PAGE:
Harvest of drought-reduced corn area all but over

Liz Wells, June 30, 2020

Corn crops like this one at Tully in North Queensland are supplementing production from drought-affected areas in southern Australia. Photo: Pioneer

HARVEST of Australia’s corn crop is all but over, and is forecast by ABARES to produce 207,000 tonnes from 30,000 hectares to make it one of the smallest crops in living memory.

This figure puts the area for the crop grown over the summer at almost half the 59,000ha planted in 2018-19 which yielded 327,000t, and well below the 53,000ha planted in 2017-18 which grew 387,000t.

While developing industries in the tropics — Western Australia’s Kimberley region and the Burdekin in Queensland — have seen production expand over winter months, Australia’s major corn-growing states of New South Wales, Queensland and Victoria have all been impacted by drought.

2017-18 ha 2017-18 tns 2018-19 ha 2018-19 tns 2019-20 ha 2019-20 tns
Qld 26,000 115,000 28,000 88,000 10,000 50,000
NSW 20,000 190,000 21,000 147,000 10,000 90,000
Vic 5,000 60,000 7,000 66,000 8,000 50,000
TOTAL 51,000 365,000 56,000 301,000 28,000 190,000

Table 1: Corn area and production in major-producing states. Source: ABARES

Needs covered

Despite the challenges of drought, Australia has grown enough corn to meet processing needs for corn chips and breakfast cereals, and produce a small area for silage and stockfeed.

Lachlan Commodities Forbes-based trading manager Andrew Cogswell manages some of Australia’s human-consumption supply chain, and estimates up to 97 per cent of this season’s has been grown on bore water.

“Overall, we saw about 25pc of what we would normally see in eastern Australia because of the drought.”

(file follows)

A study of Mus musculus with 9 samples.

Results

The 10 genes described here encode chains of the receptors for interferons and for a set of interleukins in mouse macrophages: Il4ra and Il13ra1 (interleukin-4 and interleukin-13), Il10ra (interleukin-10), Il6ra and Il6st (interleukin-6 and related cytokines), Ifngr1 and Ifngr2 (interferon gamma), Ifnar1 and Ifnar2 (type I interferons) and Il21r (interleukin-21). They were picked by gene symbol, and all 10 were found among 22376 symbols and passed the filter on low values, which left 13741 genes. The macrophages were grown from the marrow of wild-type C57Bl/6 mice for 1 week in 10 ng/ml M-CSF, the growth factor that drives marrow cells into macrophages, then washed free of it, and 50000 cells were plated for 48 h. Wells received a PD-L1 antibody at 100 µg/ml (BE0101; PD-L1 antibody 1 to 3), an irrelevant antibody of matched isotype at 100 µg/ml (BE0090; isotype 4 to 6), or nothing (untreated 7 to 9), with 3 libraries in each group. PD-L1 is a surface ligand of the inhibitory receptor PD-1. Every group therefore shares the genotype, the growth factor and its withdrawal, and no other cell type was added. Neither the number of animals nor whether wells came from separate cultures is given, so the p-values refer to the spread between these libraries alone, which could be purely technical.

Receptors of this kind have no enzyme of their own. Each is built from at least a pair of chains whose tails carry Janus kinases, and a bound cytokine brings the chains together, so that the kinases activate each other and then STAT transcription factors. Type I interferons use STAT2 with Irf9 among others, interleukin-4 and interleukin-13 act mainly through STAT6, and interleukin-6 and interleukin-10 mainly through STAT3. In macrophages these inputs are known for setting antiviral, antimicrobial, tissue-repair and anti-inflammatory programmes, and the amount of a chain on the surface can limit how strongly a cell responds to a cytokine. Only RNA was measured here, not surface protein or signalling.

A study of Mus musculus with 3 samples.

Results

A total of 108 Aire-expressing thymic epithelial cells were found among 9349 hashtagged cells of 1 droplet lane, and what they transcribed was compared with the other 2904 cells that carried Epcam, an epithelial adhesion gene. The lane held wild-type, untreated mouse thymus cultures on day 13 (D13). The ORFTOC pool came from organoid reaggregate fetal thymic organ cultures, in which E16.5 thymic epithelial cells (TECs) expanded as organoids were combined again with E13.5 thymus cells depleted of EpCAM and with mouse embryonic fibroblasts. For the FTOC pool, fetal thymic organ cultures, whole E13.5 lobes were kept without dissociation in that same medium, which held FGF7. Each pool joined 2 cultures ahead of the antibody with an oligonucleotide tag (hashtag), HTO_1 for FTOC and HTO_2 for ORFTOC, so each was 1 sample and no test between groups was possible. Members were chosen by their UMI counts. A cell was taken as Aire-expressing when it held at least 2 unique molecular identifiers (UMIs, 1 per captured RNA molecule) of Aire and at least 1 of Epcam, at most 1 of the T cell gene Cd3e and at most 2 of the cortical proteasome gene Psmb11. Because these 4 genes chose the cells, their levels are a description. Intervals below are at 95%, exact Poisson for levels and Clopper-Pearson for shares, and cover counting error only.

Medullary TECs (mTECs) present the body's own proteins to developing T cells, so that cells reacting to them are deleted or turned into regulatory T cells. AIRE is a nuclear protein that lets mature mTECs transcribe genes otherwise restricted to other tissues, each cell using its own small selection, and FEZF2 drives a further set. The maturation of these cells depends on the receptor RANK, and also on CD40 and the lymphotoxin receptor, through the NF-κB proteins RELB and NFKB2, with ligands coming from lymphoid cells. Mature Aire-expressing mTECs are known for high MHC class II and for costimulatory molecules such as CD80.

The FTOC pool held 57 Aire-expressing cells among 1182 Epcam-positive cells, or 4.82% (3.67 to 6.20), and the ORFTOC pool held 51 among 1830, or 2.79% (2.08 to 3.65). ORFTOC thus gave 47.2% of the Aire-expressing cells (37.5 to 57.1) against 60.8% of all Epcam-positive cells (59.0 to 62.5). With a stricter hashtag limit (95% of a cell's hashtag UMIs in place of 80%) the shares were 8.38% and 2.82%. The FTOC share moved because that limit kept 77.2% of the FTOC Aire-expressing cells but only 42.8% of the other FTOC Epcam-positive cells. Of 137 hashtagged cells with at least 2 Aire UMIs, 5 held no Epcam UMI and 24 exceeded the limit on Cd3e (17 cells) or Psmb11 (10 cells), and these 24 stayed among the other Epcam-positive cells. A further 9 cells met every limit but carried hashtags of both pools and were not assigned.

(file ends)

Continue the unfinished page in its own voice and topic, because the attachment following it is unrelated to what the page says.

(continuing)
“It was processing or gritting corn for export — maybe 30,000-40,000t — that has missed out, and stockfeed that would have taken up additional volume.”

Taking some of the pressure off the small crop was January’s closure of the Ingredion wet mill in Sydney’s Lane Cove, which removed 45,000t of demand from the market.

While the Kimberley is expected to again produce bulk export tonnage this winter, exports of corn from the crop just harvested in south-eastern Australia have been restricted by limited volume to containers.

Rain in late December and January on the Darling Downs of southern Queensland allowed some late planting of dryland corn.

Growers who were able to harvest the grain achieved extremely high prices of up to $600/t delivered to local stockfeed millers, while growers selling non-contracted corn in the Riverina of southern NSW were getting more than $500/t in some cases.

Limited water

While some growers from central Queensland to Victoria had good growing seasons, Mr Cogswell said variable temperature, and a lack of early in-crop rain to supplement irrigation, made 2019-20 a difficult season for most.

“Even guys that planted in October had some trouble, with the temperature going from hot to cold, and that stunted early growth.

“On average, harvest was back for a few weeks, so late March-early April instead of late February-early March.”

A small number of crops sown late in NSW were still standing when recent rains came, and they are not likely to be harvested before August.

“When the weather’s cold, it’s hard to get the moisture down to where it needs to be, so they’ll go through winter okay and they’ll be harvested when they dry down.”

Mr Cogswell said the lower price of water per megalitre (ML) meant corn area could well pick up when the planting window opens in spring.

“The water price is down a lot, so maybe $250/ML, when it got up to $780/ML.

“Once you get to $450/ML, you see less demand for water to grow corn.

“It really depends on the next run of allocation, and how much demand there is for permanent plantings.”

These are mainly nut trees, which have become big users of water in the Murrumbidgee Irrigation Area in particular.